As Baker Hughes' (BHI) pending partnership with General Electric's (GE - Get Report) Oil and Gas business progresses, the benefits the oilfield services company would gain as a result of the combination have some analysts becoming increasingly bullish.
Despite the Houston-based company's earnings miss for the fiscal fourth quarter of 2016, Stephens analyst Matthew Marietta named Baker Hughes to his Best Idea list as he sees technological advantages for the stock.
"I think [the] strategic initiatives that are not commodity price dependent" are the biggest upside factor for the company with a $26.2 billion market capitalization, Marietta says, also noting that "the whole sector has become exciting to invest in."
With the integration, Baker Hughes becomes highly competitive full stream company. The Stephens analyst believes it could rival oilfield services giant Schlumberger (SLB - Get Report) in the long term, given Baker Hughes' edge in downstream operations.
"It's the ability for an integrated exploration and production (E&P) to call one company to get everything they need," says Marietta, "from analyzing reservoirs to gas turbines creating electricity."
When the deal was announced at the end of October, Credit Suisse analyst James Wicklund said that the entire oilfield services industry has been moving to encompass a digital world, "with big data analytics for predictive maintenance, 'smart' rigs, [blowout preventers] BOPs, subsea trees and other equipment," adding that the GE and Baker Hughes combination "heightens the stakes to competitors who need to keep pace."
When the combination closes, which is expected around mid-2017, Baker Hughes will have complementary technology, along with the opportunity to leverage the GE Store, through which each business segment can share and access technologies, product development and services.
"We leverage technology from Aviation and Healthcare, we share service capability with Power," said GE CEO Jeff Immelt during an Oct. 31 conference call with analysts to discuss the deal. "Predix is a common platform and oil and gas is a key part of our Global Growth organization along with Healthcare, Aviation, Power, Transportation and other GE businesses."
Baker Hughes CEO Martin Craighead said in October that he was particularly impressed with the Predix, GE's industrial Internet operating system.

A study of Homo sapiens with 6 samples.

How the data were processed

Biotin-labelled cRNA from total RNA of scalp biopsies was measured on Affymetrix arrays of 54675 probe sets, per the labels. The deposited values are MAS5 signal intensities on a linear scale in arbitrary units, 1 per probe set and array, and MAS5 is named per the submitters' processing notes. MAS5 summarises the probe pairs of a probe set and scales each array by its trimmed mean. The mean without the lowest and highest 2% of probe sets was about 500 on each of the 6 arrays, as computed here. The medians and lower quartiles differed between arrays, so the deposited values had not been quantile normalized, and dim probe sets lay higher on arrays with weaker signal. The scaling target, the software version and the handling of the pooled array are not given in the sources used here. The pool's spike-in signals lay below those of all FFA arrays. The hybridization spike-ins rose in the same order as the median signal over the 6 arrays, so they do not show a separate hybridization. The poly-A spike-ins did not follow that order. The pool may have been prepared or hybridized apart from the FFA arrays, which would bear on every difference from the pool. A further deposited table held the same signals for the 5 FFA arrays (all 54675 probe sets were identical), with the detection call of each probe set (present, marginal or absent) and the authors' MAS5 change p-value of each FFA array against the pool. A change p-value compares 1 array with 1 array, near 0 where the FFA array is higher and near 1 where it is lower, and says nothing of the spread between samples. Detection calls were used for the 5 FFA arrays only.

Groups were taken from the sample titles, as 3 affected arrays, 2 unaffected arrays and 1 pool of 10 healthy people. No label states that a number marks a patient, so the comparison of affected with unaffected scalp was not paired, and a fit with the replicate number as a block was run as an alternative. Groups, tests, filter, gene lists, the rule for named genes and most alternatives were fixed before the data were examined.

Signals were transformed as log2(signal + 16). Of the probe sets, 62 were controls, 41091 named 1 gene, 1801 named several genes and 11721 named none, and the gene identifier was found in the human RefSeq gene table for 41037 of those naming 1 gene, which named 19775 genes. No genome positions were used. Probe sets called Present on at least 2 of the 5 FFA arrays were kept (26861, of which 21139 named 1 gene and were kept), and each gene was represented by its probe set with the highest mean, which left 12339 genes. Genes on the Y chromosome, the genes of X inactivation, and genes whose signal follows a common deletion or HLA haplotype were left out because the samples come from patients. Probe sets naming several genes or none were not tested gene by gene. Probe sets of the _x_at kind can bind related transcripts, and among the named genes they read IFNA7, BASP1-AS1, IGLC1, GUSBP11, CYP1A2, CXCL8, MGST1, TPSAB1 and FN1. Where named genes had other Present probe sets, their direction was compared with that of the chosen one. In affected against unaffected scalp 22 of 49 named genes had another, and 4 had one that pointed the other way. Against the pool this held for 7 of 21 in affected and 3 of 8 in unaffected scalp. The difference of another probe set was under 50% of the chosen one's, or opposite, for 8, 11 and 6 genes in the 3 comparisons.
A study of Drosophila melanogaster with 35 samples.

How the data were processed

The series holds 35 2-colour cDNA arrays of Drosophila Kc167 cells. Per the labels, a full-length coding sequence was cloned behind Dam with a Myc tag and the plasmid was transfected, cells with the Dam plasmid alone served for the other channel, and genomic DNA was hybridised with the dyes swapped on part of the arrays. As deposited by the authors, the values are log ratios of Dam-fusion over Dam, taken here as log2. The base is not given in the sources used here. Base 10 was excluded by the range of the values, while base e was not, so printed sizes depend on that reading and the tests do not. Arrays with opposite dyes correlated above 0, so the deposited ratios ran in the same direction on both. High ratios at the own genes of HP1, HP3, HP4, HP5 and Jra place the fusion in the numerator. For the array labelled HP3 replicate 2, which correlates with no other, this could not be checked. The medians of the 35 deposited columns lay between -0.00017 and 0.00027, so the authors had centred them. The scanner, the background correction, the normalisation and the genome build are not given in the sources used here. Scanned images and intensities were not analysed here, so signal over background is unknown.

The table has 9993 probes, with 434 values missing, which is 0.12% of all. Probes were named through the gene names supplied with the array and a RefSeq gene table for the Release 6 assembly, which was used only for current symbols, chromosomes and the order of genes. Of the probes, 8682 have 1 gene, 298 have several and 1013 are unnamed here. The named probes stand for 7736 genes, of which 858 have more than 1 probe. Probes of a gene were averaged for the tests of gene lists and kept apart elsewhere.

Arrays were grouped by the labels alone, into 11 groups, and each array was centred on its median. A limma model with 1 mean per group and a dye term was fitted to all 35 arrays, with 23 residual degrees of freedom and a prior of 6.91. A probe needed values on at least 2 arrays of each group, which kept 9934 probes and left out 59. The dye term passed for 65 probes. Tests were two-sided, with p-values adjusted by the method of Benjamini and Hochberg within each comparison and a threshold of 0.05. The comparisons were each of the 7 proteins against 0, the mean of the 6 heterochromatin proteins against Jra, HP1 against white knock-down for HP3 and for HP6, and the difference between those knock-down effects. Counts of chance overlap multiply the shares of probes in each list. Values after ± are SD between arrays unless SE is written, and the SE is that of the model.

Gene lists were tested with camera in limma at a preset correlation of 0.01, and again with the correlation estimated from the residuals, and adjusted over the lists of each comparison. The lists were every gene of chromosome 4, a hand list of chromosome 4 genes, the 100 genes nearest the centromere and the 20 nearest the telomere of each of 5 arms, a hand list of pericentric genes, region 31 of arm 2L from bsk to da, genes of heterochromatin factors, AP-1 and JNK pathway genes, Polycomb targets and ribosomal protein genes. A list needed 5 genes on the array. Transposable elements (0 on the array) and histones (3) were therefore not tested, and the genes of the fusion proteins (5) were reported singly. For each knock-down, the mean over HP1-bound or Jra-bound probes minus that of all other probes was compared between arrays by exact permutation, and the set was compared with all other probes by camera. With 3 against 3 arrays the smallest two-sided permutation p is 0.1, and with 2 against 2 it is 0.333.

"As we start to migrate it into well construction, well production and ultimately improving the recovery factor and moving that decline curve further right, there is some domain experience that we can bring to play here that I think is going to completely change the conversations that any player in this industry has ever been able to help with the customer," Craighead said.
Action Alerts PLUS portfolio manager Jim Cramer believes Predix is a "driving force" for the future.
"We view the opportunity for Predix as the driving force that will take GE to the next level, not only within the oil and gas sector but also across all industries in which GE operates as big data becomes increasingly important to help businesses operate proactively, efficiently and effectively," Cramer wrote in an Oct. note to subscribers.
With these technological advantages in the works, Stephens Marietta rates BHI shares at Overweight with a $73 price target. BHI stock was down slightly during midday trading on Monday.
If investors are looking for slightly cheaper plays in the space, however, Marietta points out two small-cap companies, Flotek Industries (FTK - Get Report) and Energy Recovery ERII, that are introducing beneficial technology.
Flotek offers a chemical advantage through its patented Complex nano-Fluid (CnF) technology. Stephens rates FTK at Overweight with an $18 price target.
"(CnF) is not a conventional surfactant which the industry has been selling for years, which is just a surface tension reducer," John Ely of industry-leading consultant Ely & Associates told Marietta during an investor call in December. "We found out through our customers that those things (conventional surfactants) many times are detrimental ... The CnF product is something that changes the character of the surface of the rock allowing for water and oil production."
Marietta believes CnF could "unlock vast hydrocarbon resources."
"Assuming PE uses CnF on 30% of Midland wells and 100% or Delaware Basin wells in 2017, we think the CnF revenue potential for FTK could exceed approximately $20 million in 2017," the Coker Palmer Institutional analysts team wrote in a Jan. 26 note.
Given that non-core asset sales are advancing, and could be announced in the first half of this year, the CPI analysts say it is "tough to be short the stock here." The firm has a Fair Value rating on the shares with a $17 price target.
As for Energy Recovery, it partnered with Schlumberger in 2015 in developing a mechanical process to "dramatically" increase the life of a hydraulic fracturing pump, Stephens Marietta says.
"The VorTeq represents a step ... into the pump market where the goal is to divert corrosive proppants and chemicals away from hydraulic fracturing pumps, thereby reducing maintenance costs," Marietta wrote in a Jan. 10 research note.
The San Leandro, California-based company also has its Pressure Exchange (PX) product. The Stephens analyst notes that the PX business commands leading global market share in saltwater reverse osmosis desalination market and the company is "creatively applying this technology to other markets with a focus on oil and gas industry applications." Stephens holds an Overweight rating on ERII shares with an $18 price target.
For Marietta, as the global oil market looks to rebalance itself this year, Baker Hughes, Flotek and Energy Recovery -- companies with a technological advantage in oilfield services -- are "where investors should look for a game changer in the energy industry."